Angels lease talks: Team says Anaheim name isn't coming back; mayor says fine

Bill Shaikin, Los Angeles Times on

Published in Baseball

As the Angels prepare to negotiate a potential new lease with the city of Anaheim, the team would like to make one thing perfectly clear: The team name will remain the Los Angeles Angels.

In 2005, two years after he bought the team then known as the Anaheim Angels, owner Arte Moreno changed the name. The city of Anaheim sued and lost, and the Angels say any proposal to reinstate the Anaheim name would be a nonstarter.

"The name was already addressed several years ago," Angels spokeswoman Marie Garvey said Thursday. "It is not up for discussion."

Anaheim Mayor Harry Sidhu called the name issue "a distraction."

"We are not going into negotiations with that as the make-or-break issue that determines whether baseball stays in Anaheim," he said in a statement. The Angels can opt out of their lease by Dec. 31, or continue to play under their current lease through 2029.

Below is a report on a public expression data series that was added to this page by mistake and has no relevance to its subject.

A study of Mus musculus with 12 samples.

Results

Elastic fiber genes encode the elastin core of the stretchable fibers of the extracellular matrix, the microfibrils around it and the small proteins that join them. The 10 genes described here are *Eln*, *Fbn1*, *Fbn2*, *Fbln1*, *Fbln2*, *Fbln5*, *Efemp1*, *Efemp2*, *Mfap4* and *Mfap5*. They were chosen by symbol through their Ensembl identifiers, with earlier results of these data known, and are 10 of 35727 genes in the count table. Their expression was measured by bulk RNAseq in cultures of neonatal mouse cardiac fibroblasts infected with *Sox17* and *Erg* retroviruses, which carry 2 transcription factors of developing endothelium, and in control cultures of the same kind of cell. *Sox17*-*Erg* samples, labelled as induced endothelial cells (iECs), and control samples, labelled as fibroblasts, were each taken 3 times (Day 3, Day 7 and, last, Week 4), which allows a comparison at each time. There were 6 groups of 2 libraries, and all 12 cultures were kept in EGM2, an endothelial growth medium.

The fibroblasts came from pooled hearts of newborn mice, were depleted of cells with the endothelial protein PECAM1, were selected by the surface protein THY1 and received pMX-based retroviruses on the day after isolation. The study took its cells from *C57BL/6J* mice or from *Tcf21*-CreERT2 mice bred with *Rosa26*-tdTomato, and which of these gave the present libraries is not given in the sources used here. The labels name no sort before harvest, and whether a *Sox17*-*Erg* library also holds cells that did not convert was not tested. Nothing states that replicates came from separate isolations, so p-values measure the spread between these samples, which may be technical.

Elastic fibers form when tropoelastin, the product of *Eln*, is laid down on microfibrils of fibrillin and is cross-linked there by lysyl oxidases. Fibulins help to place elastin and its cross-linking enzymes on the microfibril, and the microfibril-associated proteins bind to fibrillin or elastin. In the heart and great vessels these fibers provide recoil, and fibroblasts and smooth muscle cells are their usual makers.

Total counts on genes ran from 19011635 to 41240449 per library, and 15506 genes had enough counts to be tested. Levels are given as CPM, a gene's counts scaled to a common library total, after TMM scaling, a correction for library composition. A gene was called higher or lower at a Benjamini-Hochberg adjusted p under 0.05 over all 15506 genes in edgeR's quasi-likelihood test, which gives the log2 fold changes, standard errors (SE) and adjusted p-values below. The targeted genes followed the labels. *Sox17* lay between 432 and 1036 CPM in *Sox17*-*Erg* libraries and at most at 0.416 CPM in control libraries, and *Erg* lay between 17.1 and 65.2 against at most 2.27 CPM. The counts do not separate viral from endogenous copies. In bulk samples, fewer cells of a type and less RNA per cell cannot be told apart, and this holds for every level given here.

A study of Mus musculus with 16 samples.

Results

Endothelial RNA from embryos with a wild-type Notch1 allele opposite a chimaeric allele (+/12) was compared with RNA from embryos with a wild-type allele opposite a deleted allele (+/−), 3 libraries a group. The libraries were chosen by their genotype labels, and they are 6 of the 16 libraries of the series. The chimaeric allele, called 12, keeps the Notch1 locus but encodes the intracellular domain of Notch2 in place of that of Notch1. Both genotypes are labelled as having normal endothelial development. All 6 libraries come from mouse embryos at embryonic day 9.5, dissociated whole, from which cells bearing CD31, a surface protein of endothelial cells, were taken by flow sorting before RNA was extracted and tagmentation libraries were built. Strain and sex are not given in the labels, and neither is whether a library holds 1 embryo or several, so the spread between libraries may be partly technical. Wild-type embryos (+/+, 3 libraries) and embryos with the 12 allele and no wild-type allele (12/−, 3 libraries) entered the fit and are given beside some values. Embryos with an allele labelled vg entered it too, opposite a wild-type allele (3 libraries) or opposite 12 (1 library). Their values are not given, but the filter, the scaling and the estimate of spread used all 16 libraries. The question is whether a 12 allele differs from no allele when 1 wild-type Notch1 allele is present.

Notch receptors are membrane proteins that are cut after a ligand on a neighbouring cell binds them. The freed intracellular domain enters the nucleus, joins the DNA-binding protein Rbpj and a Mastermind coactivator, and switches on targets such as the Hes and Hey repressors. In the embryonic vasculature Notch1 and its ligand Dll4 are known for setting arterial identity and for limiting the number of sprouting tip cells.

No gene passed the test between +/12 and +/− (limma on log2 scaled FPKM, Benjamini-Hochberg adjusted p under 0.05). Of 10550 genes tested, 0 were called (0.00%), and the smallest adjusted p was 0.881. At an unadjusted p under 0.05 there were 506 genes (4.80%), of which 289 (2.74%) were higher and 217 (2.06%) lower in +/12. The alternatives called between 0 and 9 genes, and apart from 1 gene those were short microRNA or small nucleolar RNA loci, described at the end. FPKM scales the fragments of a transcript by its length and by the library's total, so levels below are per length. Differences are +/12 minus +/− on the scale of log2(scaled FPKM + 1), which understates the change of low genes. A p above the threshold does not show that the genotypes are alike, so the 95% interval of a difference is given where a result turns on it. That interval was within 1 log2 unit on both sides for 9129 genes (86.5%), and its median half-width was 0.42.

Sidhu added: "We know the name issue still resonates in our community. But it is a distraction from what is really important: preserving baseball in Anaheim with a deal that is good for our city and that brings lasting benefits for residents for years to come."


The issue arose during a community forum Wednesday night, when Anaheim City Councilman Jose Moreno, who is not related to the Angels owner, said he wanted any new deal to mandate the team call itself by the Anaheim name. A resident responded by wondering why the city appeared to have taken the name issue off the table even before the start of negotiations.

"What is the privilege (of owning a team) worth," Moreno asked, "if they don't put our name on it?"

In its 2005 lawsuit, the city asked for $373 million in damages, based on projected losses in media and tourism revenue over the life of the lease that extends through 2029. In its 2006 verdict, the jury awarded nothing.

In 2005, after the city had failed to obtain an injunction against the name change, a panel of experts told The Times that the annual damages could range from $500,000 to $15 million.